It’s not good news for Floridians still struggling with claims being backdated or payments put on hold.

TAMPA, Fla. — Jamal Murray is one of the thousands of Floridians who remain stuck in the state’s fraught unemployment system.

After using up his 13 weeks of federal Pandemic Emergency Unemployment Compensation, the single father of two young daughters transitioned to the federal Pandemic Unemployment Assistance in mid-October.

But his payments have been on hold ever since.

“It’s been the same status since the day I filed,” Murray said. “You have no certainty – it makes you scared.”

Murray finds himself in a position many do now. Having held out hope he’d eventually get his job back after being laid off at the start of the pandemic, he recently learned his employer would no longer be able to rehire him.

With his savings spent, he’s searching for something new. He can’t afford to wait on the state any longer.

“I’m trying day in and day out to find something to do,” Murray said. “I’m not one to just sit here and wait on the DEO to take care of my family.”

Florida’s Department of Economic Opportunity is requesting $5 million in funding from state lawmakers to hire 108 additional employees. It’s a move a spokesperson said will help the agency handle increasingly complicated unemployment claims and issues.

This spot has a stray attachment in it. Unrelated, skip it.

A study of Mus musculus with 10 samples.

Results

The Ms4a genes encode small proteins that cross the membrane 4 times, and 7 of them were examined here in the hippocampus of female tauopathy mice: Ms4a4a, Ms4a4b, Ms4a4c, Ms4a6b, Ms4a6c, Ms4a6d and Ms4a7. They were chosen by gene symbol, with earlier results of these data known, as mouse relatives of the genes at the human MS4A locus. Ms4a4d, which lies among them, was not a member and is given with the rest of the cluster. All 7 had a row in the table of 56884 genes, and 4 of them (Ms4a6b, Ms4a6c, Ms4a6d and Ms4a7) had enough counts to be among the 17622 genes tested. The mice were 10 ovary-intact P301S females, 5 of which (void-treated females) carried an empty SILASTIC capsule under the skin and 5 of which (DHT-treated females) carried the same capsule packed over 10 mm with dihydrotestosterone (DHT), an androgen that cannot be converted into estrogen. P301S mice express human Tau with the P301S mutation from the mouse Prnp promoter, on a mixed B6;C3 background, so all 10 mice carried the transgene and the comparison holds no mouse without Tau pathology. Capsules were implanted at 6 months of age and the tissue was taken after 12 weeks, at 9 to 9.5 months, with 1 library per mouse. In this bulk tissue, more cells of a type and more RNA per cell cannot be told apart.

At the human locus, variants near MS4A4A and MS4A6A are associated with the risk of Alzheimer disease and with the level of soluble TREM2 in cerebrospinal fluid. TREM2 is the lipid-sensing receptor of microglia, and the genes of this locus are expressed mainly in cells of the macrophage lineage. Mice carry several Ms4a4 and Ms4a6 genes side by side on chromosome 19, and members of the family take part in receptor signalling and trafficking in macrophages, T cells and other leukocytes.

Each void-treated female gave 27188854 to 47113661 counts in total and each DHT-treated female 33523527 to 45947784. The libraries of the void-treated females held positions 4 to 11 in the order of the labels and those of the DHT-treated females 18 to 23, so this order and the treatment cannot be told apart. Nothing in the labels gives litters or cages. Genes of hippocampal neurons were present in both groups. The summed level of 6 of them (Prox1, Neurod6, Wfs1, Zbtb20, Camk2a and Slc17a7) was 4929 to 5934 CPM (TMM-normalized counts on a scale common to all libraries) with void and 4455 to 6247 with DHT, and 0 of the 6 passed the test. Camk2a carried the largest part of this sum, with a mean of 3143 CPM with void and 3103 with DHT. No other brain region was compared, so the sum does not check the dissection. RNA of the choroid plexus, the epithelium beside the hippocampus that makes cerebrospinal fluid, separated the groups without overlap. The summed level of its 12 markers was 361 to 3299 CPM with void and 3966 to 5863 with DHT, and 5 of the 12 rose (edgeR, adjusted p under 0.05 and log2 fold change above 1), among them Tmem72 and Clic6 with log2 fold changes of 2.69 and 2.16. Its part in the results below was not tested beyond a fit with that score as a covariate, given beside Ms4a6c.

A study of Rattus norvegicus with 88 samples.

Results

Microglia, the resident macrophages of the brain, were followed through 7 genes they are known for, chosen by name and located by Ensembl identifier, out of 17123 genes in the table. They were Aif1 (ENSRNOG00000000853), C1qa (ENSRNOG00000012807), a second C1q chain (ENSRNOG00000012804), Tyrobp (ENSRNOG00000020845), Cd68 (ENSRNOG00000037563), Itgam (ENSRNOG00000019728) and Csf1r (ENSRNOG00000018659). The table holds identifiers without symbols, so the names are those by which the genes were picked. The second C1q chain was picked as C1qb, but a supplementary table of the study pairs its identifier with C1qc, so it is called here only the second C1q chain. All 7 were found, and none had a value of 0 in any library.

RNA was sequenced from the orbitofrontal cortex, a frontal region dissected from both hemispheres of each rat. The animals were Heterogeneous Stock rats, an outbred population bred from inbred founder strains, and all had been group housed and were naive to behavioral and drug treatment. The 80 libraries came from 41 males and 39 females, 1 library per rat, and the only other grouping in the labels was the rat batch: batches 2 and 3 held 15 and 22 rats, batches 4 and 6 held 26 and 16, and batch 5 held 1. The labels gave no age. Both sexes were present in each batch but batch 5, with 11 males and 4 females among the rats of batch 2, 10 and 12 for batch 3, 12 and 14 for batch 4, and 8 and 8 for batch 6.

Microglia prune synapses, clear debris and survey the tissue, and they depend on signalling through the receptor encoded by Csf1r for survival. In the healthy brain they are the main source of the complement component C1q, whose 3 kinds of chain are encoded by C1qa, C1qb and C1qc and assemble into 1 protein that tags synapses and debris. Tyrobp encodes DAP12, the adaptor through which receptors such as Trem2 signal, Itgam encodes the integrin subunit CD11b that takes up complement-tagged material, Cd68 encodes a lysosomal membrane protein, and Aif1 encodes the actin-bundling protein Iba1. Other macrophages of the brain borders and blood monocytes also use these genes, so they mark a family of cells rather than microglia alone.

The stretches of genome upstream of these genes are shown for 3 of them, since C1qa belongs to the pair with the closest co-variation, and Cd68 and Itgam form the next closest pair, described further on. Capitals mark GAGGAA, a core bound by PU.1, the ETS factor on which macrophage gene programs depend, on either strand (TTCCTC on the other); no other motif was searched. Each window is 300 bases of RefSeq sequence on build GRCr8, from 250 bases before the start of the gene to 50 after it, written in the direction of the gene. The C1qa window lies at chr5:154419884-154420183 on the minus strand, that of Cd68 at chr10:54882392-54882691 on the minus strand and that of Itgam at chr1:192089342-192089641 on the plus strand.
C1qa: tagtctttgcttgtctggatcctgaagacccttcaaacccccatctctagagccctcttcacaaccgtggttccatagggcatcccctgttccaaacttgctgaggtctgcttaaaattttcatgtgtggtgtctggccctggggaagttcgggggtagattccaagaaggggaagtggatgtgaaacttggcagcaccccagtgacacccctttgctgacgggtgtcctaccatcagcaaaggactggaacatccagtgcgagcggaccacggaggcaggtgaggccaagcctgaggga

The request is part of a larger initiative that includes more money to overhaul the state’s problematic unemployment website.

However, it’ll be months before the DEO’s request can even be considered because Florida’s next legislative session doesn’t begin until March 2.

“It’s incredibly disappointing,” said Rep. Anna Eskamani, D-Orlando. “It elevates the fact that, yes, we need to see improvements to the unemployment system but by the time they become reality it’s going to be May of 2021 with potentially new budgets that don’t begin until July.”

Eskamani is among Democratic state lawmakers calling for policy changes, like raising the weekly payments and increasing the number of weeks someone is eligible for unemployment.

Proposed changes would raise weekly benefits from $275—one of the lowest in the nation—to $500 and increase the number of eligible weeks from 12 to 26, which is the national average.

Any requests made by DEO, Eskamani argues, must happen in tandem with proposed policy recommendations to be effective.

“We need to expedite the process and Floridians should not be waiting weeks to get unemployment,” Eskamani said.